Turks in the Streets
This time, it’s personal. They dislike the prime minister.
Jun 24, 2013, Vol. 18, No. 39 • By LEE SMITH
Two weeks of protests across Turkey that have left four dead and more than 5,000 injured have observers wondering whether Prime Minister Recep Tayyip Erdogan is facing an Anatolian Spring. Is Turkey’s Islamic ruler weathering a crisis similar to the revolutionary climate that sent Arab protesters into the streets two years ago, pitted populations against each other, and in several notable cases toppled dictators?
Erdogan the Problem
The short answer is no. In spite of the excessive use of police force, Turkey is still a genuine, if flawed, democracy, where real politics, competition, compromise, public opinion, and, as the protests show, consent of the governed are central to the normal functioning of the system. The demonstrations represent something like a course correction, the ship of state trying to right itself in spite of a captain intent on running it aground. The problem is not Turkey, nor the ruling Justice and Development party (AKP), nor, more generally, is it Islamism—the problem is Erdogan himself.
It’s curious that it took the Turks this long to discover what much of the world has known since Erdogan came to power in 2003—he is a vain and impatient martinet who expects the world to bend to his will and stamps his feet and turns red with anger when it doesn’t. The man who threatened Turkish protesters last week and said they are in league with foreign plotters is the same prime minister who stormed off the stage at Davos three years ago after screaming at Israeli president Shimon Peres and singlehandedly cashiering Turkey’s strategic alliance with Israel. The Erdogan who champions Hamas is the same man who has subverted the Turkish judiciary to imprison enemies, including former top military officials, and put more journalists in jail than China or Iran. An aspiring leader of the Sunni world who calls Zionism a crime against humanity, Erdogan is the same divisive premier who names a bridge after a 16th-century Ottoman sultan most famous for slaughtering tens of thousands of members of Turkey’s Alevi minority. Finally, it seems the Turks have noticed what Erdogan is all about.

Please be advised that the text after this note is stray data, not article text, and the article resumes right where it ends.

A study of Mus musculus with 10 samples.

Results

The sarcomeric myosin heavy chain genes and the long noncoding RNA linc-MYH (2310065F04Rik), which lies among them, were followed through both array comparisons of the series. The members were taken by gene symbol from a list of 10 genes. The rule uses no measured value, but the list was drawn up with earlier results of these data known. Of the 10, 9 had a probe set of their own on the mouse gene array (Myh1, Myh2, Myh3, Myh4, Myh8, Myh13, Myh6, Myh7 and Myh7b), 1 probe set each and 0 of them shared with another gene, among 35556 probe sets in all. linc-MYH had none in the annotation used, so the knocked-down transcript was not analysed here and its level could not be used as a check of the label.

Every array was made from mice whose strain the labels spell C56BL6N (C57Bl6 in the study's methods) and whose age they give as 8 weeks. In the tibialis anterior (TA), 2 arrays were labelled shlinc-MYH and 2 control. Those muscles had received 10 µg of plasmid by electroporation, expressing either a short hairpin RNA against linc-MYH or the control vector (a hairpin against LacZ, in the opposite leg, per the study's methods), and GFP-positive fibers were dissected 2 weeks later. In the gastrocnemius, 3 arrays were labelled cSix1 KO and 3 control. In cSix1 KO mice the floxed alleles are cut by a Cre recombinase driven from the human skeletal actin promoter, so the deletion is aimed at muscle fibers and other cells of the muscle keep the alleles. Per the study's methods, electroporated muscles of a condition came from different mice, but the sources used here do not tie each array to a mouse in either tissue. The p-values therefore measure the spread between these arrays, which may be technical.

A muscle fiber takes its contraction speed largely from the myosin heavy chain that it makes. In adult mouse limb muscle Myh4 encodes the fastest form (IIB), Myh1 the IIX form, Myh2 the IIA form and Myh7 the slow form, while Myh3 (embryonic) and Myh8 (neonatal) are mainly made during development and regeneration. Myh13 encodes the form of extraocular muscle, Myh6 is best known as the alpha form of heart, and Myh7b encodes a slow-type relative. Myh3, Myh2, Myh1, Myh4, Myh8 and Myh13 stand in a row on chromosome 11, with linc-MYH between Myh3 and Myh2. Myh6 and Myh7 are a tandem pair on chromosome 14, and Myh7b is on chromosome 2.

The protests began at the end of May with a small group of environmentalists demonstrating in Istanbul’s Taksim Square against the demolition of Gezi Park. Gezi is one of the few green spaces remaining in a city of 13.5 million and growing, thanks largely to the long economic boom that has been the main source of Erdogan’s appeal throughout Turkey. The plan was to pave over the park and build a shopping mall, with the contract going to a company alleged to have ties to Erdogan’s party. After the police used especially heavy-handed tactics in clearing the 50 or so protesters from the square, the demonstrations started to grow geometrically, with tens of thousands braving tear gas and water cannons in Taksim. By the end of the first week of June, protesters had taken to the streets in 78 cities and millions of Turks were awakening to the fact that they, too, had a gripe with Erdogan.
In big cities like Istanbul and Ankara and resort towns like Izmir and Bodrum with heavy concentrations of liberals and secularists, it was perhaps the zoning law restricting the sale of alcohol, or the one banning alcohol advertising, or efforts to outlaw abortion and other intrusions into people’s personal choices that sent protesters to the streets against Erdogan. What came as a surprise was that even in the most conservative regions of Anatolia, where the AKP traditionally counts on strong support, people came out against the prime minister.
Maybe protesters didn’t like the fact that he was negotiating on his own a peace deal with the Kurdistan Workers’ party, a group that has been at war with the state for three decades in a conflict that has cost thousands of lives. Or maybe they didn’t like Erdogan’s Syria policy, which has set Turkey on a course for war with a dangerous neighbor, flooded the south with hundreds of thousands of refugees, and made the country vulnerable to terrorist attacks, like the car-bombings in Reyhanli last month that killed 51 people. (And then instead of visiting Reyhanli in sympathy with the victims, Erdogan went off to Washington to petition Obama to arm the Syrian rebels, who many Turks see as the cause of their suffering.) There’s something for everyone to dislike about Erdogan, and what the Turks dislike most about him is his style—he’s an autocrat who makes decisions without consulting anyone except Recep Tayyip Erdogan.